Right? I mean, come on. They're mainly just to lazy to get a real job and or to have direction in their own lives. Not true. But still I think it.
A few Sundays back a nice woman from Eastern Europe (I think) spoke in church and later on (in the nursery room before sacrament meeting was over=reverence fail) I was talking to her husband. He was going to be staying at home with their little girl while his wife got her doctorate in piano performance. First I had to resist the instinct to say "Oh and what will you be doing?" (he mentioned later that he would be staying at home). I also found myself saddened to realize that he had lost standing in my mind, although subconsciously, for letting his wife decide the direction of his life.
He was really a great guy and obviously had a great deal of love for his family and I was really disappointed by my instinctive response. If I, who am in the exact same situation as he is and am happy with the place that I am going, what if I were on a much more traditional path? Maybe it is some expression of inner self-doubt about my path, and there is some of that, for sure.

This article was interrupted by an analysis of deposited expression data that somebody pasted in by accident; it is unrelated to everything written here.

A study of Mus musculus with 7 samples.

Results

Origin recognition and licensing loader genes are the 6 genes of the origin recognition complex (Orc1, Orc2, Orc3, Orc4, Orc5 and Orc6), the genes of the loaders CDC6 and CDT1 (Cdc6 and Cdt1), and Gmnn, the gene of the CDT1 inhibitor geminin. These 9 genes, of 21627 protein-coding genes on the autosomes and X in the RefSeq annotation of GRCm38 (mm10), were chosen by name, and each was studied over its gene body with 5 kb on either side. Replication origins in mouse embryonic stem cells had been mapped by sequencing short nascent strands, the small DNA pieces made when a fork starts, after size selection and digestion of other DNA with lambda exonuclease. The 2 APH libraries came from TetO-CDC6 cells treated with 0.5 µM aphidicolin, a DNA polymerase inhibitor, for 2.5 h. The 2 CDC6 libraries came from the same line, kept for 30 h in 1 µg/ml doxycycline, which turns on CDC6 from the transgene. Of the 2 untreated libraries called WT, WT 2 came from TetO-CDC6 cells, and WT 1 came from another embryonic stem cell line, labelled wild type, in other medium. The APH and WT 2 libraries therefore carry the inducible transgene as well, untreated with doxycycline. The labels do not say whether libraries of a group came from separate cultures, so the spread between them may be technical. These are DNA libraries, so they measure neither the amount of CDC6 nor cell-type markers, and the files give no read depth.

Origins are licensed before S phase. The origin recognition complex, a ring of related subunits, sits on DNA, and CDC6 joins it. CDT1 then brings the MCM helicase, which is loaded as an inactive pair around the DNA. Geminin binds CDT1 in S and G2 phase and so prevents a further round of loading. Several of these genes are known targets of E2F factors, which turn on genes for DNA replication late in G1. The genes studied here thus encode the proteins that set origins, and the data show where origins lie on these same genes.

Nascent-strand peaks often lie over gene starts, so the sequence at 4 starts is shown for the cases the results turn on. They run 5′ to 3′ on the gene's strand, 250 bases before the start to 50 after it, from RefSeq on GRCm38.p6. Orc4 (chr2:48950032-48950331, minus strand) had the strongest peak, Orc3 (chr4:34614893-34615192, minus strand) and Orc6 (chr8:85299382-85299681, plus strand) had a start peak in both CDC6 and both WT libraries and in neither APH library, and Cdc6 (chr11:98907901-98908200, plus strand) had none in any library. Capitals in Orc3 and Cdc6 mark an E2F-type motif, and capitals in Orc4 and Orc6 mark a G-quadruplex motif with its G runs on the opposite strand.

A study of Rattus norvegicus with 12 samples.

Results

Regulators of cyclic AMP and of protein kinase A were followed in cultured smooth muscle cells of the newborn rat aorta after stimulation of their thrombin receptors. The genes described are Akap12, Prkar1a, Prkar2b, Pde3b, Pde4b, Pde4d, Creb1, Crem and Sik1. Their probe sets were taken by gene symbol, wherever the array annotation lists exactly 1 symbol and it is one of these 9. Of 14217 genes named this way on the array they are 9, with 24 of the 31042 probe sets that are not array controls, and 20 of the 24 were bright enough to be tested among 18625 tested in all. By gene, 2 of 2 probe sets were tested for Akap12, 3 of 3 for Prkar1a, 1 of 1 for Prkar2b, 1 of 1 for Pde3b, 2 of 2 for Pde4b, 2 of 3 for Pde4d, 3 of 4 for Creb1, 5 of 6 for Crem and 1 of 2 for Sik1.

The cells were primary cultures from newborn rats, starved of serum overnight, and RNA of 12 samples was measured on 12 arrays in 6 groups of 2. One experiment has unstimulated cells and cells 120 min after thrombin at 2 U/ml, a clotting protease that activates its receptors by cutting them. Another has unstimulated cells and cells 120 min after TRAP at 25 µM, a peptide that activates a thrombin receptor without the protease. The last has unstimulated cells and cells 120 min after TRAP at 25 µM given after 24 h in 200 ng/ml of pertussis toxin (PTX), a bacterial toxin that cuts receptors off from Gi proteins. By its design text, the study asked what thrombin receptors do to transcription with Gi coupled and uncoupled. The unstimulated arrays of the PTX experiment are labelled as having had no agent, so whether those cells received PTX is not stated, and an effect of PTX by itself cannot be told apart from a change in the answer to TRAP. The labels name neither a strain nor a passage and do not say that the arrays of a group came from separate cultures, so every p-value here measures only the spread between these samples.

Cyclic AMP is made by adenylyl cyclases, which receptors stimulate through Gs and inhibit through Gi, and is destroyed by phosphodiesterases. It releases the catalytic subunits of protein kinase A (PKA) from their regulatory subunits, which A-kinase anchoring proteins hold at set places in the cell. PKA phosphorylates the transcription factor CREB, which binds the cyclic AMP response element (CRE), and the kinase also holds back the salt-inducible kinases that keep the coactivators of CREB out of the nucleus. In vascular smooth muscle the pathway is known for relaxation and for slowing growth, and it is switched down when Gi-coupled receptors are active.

However, I feel that a lot bigger part of it is how I've been socialized. Both in my church and my culture I've been taught that the main value of a man is in his ability to provide for his family through employment. Sure, men are expected to help out around the house, but anything more than doing the chores that are hard for a woman due to differences in physical strength, such as home repairs and major landscaping. Everything else they do, i.e. cleaning, cooking or child-rearing, etc. are just bonuses, charitable entries into the woman's realm.
Of course, I would like to say that I don't need any outside confirmation of my path in life, but that simply isn't true. I'm comfortable that God approves of our path (as comfortable as I am about saying anything definitive about God), that it is best for our family and that I have no real desire to pursue a life of nine-to-five monotony. But still, I know people, even people I care about and am close to, will judge me for making the decision to stay home, and that is, of course, inevitable for anyone outside of the established cultural norm. This is sad, but not sad enough to make me want to change my mind.